Hartley Steward has died. He was 72.
The former Sun Media and Toronto Star executive leaves a wife, two children and countless benefactors of his mentoring over the decades in the news biz.
No funeral, as he requested, but a memorial service was held in Collingwood.
There are stories to tell about Hartley's long and productive career in journalism before he quietly bowed out of Sun Media in 2006. Stories about his years devoted to building the Sun tabloids in Toronto, Ottawa and Calgary, his time at the Toronto Star etc.
He cared about journalism and the people he worked for and with in newsrooms and boardrooms across Canada.
Our favourite Hartley Steward caring and sharing story stems from the wake of Paul Heming, a wiz Toronto Sun copy desk editor who died at 53 in September of 1993.
Paul left $1,000 in his will to buy drinks for his colleagues at his wake, which was well populated. When the $1,000 ran out a couple of hours before closing time, Hartley, not wanting to see Paul's gathering end early, added another $1,000.
TSF readers wanting to share their memories of Hartley can do so by email at firstname.lastname@example.org
Nancy Stewart, former composing room staffer:
We were saddened to see Hartley Steward's obit in the Toronto Sun. Even though we didn't work directly with him, those of us from the former Composing Room and Ad Production Department remember him fondly as an advertising executive, Editor and Publisher. I'd like to relate one short story that reflects his caring attitude towards staff and his happy demeanour:
When the Sun held its usual party for 20-year-service employees (yes, those were the days), I happened to be on sabbatical (again, those were the days) and missed the party. After my return, Hartley invited me to his 6th floor office and personally gave me the 20-year-service gold ring, taking the time to talk of work, history, the origin of our similar names and a few good laughs. He made me, and so many other employees, feel like we were an important part of The Sun.
Mike Strobel remembers Hartley in a Toronto Sun column:
John Downing remembers Hartley on his Downing's Views blog:
From Sherry, an ex-dayoner via a blog posting.
When I received a text from Sister Kerry yesterday about Hartley passing, I thought: Oh my God - there goes a Toronto Sun legend. That's so sad. I really loved that guy.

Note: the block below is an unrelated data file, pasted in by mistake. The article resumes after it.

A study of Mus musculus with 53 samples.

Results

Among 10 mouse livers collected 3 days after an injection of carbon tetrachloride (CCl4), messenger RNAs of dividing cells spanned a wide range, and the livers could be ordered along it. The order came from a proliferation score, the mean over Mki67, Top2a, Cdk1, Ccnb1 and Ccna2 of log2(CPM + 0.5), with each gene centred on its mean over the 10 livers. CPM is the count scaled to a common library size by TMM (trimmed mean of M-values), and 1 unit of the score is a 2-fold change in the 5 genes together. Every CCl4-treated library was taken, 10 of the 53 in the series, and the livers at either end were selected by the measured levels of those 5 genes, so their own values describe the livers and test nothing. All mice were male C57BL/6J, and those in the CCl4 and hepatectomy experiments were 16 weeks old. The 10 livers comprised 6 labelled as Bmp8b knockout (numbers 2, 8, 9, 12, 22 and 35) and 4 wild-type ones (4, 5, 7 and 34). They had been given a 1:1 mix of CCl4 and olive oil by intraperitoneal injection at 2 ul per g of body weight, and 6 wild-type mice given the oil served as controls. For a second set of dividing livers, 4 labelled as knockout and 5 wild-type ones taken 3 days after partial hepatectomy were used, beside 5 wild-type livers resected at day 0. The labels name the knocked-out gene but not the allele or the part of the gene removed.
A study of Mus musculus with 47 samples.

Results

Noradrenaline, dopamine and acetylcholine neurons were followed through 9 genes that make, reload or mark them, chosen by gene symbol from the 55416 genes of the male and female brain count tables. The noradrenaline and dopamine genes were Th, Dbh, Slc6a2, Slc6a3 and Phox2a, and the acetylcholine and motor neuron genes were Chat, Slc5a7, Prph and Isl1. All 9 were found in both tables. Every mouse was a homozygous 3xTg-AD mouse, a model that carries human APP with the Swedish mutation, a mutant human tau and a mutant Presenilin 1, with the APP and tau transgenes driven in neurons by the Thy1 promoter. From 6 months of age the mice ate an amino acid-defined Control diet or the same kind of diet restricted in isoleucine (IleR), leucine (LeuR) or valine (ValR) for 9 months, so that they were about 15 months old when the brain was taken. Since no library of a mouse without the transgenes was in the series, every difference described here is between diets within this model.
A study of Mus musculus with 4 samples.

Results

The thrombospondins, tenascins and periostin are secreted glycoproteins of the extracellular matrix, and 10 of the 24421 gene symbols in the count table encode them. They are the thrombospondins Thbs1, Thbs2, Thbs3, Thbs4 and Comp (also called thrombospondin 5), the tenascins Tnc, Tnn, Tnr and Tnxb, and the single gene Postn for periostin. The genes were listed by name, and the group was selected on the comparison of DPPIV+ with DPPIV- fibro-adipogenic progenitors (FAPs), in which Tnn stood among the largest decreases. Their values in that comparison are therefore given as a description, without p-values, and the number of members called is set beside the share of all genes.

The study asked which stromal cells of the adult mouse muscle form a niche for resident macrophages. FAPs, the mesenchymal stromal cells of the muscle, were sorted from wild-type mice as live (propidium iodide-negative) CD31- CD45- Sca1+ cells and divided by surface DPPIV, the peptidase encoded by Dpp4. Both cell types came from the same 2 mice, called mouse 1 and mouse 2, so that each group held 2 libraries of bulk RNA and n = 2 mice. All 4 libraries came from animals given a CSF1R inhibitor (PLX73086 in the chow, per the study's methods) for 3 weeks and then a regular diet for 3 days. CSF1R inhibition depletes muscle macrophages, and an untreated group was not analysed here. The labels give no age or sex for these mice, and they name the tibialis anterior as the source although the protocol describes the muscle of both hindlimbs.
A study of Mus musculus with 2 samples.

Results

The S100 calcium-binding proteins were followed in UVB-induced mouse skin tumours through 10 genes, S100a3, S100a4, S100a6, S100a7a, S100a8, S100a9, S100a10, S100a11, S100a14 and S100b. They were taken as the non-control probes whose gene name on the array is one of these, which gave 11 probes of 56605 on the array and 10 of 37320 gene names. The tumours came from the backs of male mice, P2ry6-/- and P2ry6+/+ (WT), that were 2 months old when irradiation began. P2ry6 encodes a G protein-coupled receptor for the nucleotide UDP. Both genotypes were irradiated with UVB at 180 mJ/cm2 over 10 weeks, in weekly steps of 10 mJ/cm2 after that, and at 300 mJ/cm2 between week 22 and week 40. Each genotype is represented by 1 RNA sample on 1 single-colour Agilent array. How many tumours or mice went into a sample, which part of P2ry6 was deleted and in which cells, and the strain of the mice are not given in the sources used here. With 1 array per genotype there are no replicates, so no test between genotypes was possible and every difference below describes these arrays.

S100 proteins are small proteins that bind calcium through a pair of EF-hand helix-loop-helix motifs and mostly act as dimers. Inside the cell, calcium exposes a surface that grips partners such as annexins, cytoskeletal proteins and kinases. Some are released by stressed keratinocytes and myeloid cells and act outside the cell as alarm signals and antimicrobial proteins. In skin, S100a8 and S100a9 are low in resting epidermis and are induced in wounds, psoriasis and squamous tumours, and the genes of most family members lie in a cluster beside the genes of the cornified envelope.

As a boss, and friend, he was so much fun - and so good looking - had an amazing sense of humour. Every minute spent with Hartley was joyful, in or out of the office. No matter who, or what, brought you down, Hartley had the knack of picking you up.
My heart cries when Tor Sun family members join each other at 30 - for Hartley, it's sobbing.
Judy Creighton, former editor/columnist for The Canadian Press.
I was most fortunate to meet Hartley when I joined the Toronto Star in 1973. Not only did he mentor me as a reporter, but he became a good friend. So much so, he and his partner sublet their downtown apartment to me when they decided to purchase a house.
Hartley was a wonderful writer and was blessed with a wicked sense of humour. He will be missed by all who knew him.
John Paton, former Toronto Sun copy boy who rose to executive ranks, in his blog:
Ron Base, former Toronto Sun entertainment writer, remembers Hartley in his blog:
John Cosway, former reporter/columnist/rewrite guy
My first glimpse of Hartley Steward was when Hartley and Les Pyette sat down with me for a job interview at the Toronto Sun's original digs in the Eclipse Building in late 1974.
Harley and Les peppered me with questions about my media jobs, looked at clippings from a scrapbook, listened to stories about my years with Thomson newspapers and the Richmond Review in B.C., but were most interested in my wage demand.
Told them I always want to make more than my last job. I was making $216 a week at my previous job at the Richmond Review, so "how about $217?" They both laughed - and a few weeks later I was on the Sun's cop desk for the start of a 19-year stay.